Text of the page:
Simon Willard's Patent Timepiece. A true Willard banjo clock. AAA22

This is a wonderful opportunity to purchase a true Simon Willard timepiece. This is a very attractive Federal Massachusetts Timepiece or “Banjo clock” represents the first generation of this innovative form. This is compact, reliable and an accurate eight-day time keeper is designed to hang on the wall. The timepiece was a revolutionary design and in many ways, change the business of clockmaking. This outstanding example was made by our country’s most famous clockmaker, Simon Willard [1753-1858] of Roxbury, Massachusetts circa 1805. This successful form was patented by Willard in 1802 as the "Improved Timepiece." As a result of the U. S. Patent awarded on February 2nd, Willard had fourteen years, till 1816, to produce this form exclusively. President Thomas Jefferson signed this document. Examples like this, with cross-banded frames and understated geometric eglomisé panels, were made in the shops of Simon Willard during the first years of his patent. Although numerous fine examples we made by his apprentices over the next twenty-five years, these rare, early examples are the most prized.

This clock case is constructed in mahogany and retains an old world finish that has been undisturbed for many decades. The case exhibits excellent early proportions and has become a recognizable form. The flat frames are cross-banded and are decorated with line inlay. They throat frame is secured to the sides case with two screws. Both frames are fitted with the paint decorated glass tablets. These eglomisé tablets are paint decorated in multiple colors. The white field suspends the predominant color of blue, pink and various gilt designs. These designs are executed in a traditional geometric format. The lower panel is inscribed in gilt lettering, above and below the rectangular oculus, "S. Willard's / PATENT." Both tablets are original to this clock and are in excellent condition. The lower tablet has a small slightly disturbed. This can be seen if you look very closely at the bottom of the tablet in the center. It appears that someone in the past may have pasted a business card to the back of the glass in this location at one time. This area has been carefully restored. The robin’s egg blue band is such a pretty color and adds to the overall beauty of this example. Brass side arms flank the throat section of the case. The are lightly formed and pinned to the case in three locations. The center pinning is through the center diamond spacer. The bezel is also cast in brass. This is fitted with glass and opens to access the painted iron dial. The enameled dial is decorated with a gilt ring painted around the perimeter. The time track is formatted with Roman style hour numerals and dotted minutes. The hands are made of steel and are hand filed to a third dimension. These are considered the early form.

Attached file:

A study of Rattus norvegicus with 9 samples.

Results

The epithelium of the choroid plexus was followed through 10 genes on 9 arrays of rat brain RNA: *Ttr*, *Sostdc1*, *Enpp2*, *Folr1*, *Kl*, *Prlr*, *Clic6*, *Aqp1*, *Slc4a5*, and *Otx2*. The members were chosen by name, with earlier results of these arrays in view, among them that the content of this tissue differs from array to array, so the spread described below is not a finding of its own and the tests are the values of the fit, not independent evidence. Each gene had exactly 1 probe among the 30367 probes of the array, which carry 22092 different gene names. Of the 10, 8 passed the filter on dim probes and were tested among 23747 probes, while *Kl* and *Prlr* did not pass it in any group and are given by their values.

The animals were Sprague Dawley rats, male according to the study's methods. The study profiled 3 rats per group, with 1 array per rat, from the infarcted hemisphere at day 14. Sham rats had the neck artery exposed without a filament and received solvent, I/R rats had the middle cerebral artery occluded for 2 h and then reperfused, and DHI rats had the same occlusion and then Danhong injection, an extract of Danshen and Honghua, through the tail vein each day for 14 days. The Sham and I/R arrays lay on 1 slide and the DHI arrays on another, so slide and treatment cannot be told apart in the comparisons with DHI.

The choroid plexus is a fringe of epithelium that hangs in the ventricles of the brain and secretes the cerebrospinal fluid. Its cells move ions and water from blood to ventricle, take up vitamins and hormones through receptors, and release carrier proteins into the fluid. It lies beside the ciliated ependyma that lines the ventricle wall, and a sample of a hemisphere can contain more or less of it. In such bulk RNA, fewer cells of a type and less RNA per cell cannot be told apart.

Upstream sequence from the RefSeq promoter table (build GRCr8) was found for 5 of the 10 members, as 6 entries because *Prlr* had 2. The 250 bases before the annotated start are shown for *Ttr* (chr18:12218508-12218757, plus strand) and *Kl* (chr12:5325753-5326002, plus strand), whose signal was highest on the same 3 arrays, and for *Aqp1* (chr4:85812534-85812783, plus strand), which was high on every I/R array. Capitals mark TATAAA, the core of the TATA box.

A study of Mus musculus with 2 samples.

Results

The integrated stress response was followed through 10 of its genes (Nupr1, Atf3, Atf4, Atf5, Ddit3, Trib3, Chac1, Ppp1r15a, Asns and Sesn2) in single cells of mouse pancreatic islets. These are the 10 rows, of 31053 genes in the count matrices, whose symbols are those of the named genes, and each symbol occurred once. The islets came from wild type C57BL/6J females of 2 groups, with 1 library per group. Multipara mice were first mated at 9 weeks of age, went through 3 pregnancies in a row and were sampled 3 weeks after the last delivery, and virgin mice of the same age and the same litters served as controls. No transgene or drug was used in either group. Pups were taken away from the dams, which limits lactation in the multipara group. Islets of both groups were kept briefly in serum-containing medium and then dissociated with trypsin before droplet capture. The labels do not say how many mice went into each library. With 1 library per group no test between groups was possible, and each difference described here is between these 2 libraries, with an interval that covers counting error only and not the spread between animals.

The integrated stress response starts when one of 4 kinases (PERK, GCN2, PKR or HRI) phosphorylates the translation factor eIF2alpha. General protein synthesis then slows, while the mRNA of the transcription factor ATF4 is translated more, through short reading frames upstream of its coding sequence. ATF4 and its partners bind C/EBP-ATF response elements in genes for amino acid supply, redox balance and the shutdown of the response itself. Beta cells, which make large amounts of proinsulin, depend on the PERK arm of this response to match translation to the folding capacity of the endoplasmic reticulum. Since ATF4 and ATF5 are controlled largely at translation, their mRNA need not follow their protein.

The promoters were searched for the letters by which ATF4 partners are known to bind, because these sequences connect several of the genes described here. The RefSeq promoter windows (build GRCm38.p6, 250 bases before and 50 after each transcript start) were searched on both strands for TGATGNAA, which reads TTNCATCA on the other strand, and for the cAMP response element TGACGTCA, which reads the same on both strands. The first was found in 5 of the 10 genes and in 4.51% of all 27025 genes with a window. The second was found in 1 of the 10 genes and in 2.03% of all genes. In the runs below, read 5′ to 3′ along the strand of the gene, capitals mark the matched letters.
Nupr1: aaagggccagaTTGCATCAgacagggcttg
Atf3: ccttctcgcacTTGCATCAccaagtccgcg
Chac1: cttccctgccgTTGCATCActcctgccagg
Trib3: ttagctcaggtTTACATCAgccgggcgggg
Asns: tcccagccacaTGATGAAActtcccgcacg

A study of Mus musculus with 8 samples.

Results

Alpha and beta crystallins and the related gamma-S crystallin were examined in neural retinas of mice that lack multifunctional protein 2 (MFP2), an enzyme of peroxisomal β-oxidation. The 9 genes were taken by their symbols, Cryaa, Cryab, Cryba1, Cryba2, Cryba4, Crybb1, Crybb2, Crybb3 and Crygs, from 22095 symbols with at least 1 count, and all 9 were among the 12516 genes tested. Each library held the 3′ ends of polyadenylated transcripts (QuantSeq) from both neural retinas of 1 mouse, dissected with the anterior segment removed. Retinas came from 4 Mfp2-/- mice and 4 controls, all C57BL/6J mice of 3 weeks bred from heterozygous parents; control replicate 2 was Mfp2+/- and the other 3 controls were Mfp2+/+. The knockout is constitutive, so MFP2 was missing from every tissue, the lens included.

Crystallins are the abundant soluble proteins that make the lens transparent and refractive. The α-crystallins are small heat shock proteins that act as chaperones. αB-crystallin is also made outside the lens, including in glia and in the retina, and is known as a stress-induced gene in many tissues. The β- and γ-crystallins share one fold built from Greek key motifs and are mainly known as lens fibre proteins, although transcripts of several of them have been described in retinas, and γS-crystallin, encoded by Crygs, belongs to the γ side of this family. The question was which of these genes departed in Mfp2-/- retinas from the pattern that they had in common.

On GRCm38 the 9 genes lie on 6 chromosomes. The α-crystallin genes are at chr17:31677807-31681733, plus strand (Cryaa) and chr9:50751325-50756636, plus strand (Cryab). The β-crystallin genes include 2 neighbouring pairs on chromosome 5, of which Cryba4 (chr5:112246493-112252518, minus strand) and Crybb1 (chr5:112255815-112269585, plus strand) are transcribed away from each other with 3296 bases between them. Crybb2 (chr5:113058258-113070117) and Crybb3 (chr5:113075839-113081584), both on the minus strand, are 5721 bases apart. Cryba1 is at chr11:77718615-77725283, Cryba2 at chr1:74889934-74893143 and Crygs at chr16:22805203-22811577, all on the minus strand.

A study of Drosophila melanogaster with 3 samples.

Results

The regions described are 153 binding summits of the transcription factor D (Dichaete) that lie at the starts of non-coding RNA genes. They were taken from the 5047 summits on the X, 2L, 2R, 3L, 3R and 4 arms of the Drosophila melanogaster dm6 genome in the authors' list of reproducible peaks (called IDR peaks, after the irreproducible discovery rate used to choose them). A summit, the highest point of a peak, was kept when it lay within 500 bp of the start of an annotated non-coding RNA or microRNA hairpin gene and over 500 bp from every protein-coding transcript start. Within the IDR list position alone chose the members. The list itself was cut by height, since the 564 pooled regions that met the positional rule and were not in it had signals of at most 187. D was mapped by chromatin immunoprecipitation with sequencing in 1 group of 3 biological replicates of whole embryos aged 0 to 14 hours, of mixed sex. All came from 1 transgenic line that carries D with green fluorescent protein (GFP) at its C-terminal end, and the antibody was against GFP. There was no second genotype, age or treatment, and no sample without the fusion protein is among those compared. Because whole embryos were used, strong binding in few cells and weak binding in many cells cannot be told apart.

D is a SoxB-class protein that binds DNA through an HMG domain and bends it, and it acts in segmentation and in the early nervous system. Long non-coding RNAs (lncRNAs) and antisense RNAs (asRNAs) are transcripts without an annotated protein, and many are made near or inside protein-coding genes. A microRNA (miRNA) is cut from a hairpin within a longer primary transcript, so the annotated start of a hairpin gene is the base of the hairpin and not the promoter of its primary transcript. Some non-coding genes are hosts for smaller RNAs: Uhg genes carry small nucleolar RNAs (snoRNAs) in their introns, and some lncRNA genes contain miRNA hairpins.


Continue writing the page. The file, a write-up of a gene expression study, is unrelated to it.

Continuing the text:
The time only weight driven movement is an eight-day brass construction design. It features step train gearing with a dead beat escapement. The teeth in the gear train are deeply cut. The wonderfully finished plates are oversized. The movement is mounted to the back of the case with the original through bolts. The pendulum hangs from a T-bridge suspension. The metal pendulum rod supports a brass faced bob. That swings in front of the weight board.

A brass eagle finial, the design is fantastic surmounts this case and is mounted on a mahogany chimney plinth.

This clock measures approximately 34.25 inches long. This clock is in fine original condition.


About Simon Willard of Grafton and Roxbury, Massachusetts.

Simon Willard was born in Grafton, Massachusetts on April 3, 1753. It is in Grafton that Simon learned and began a successful career as a Clockmaker. On April 19, 1775 Simon answered the Lexington alarm along with his brothers. It is thought that by 1780 he moved from Grafton and took up residence in Roxbury. Simon was a Master Clockmaker as well as an Inventor. Some of his designs or inventions include “The Improved Timepiece” or Banjo clock, a roasting jack patent that rotated meat as it cooked in the fireplace, and an alarm clock patent. In addition, he trained many men to make clocks who intern became well known Clockmakers once their apprenticeships were served. Some of which include William Cummens, Elnathan Taber, and the brothers Levi and Able Hutchins. Some of the more notable public clocks Simon built include the clock that is in The United States Capital, the one located in the U. S. Senate, and the one located in the House of Representatives. As a result, his clock were searched out by many affluent New England citizens of his day. Simon died on August 30, 1848 at the age of 95.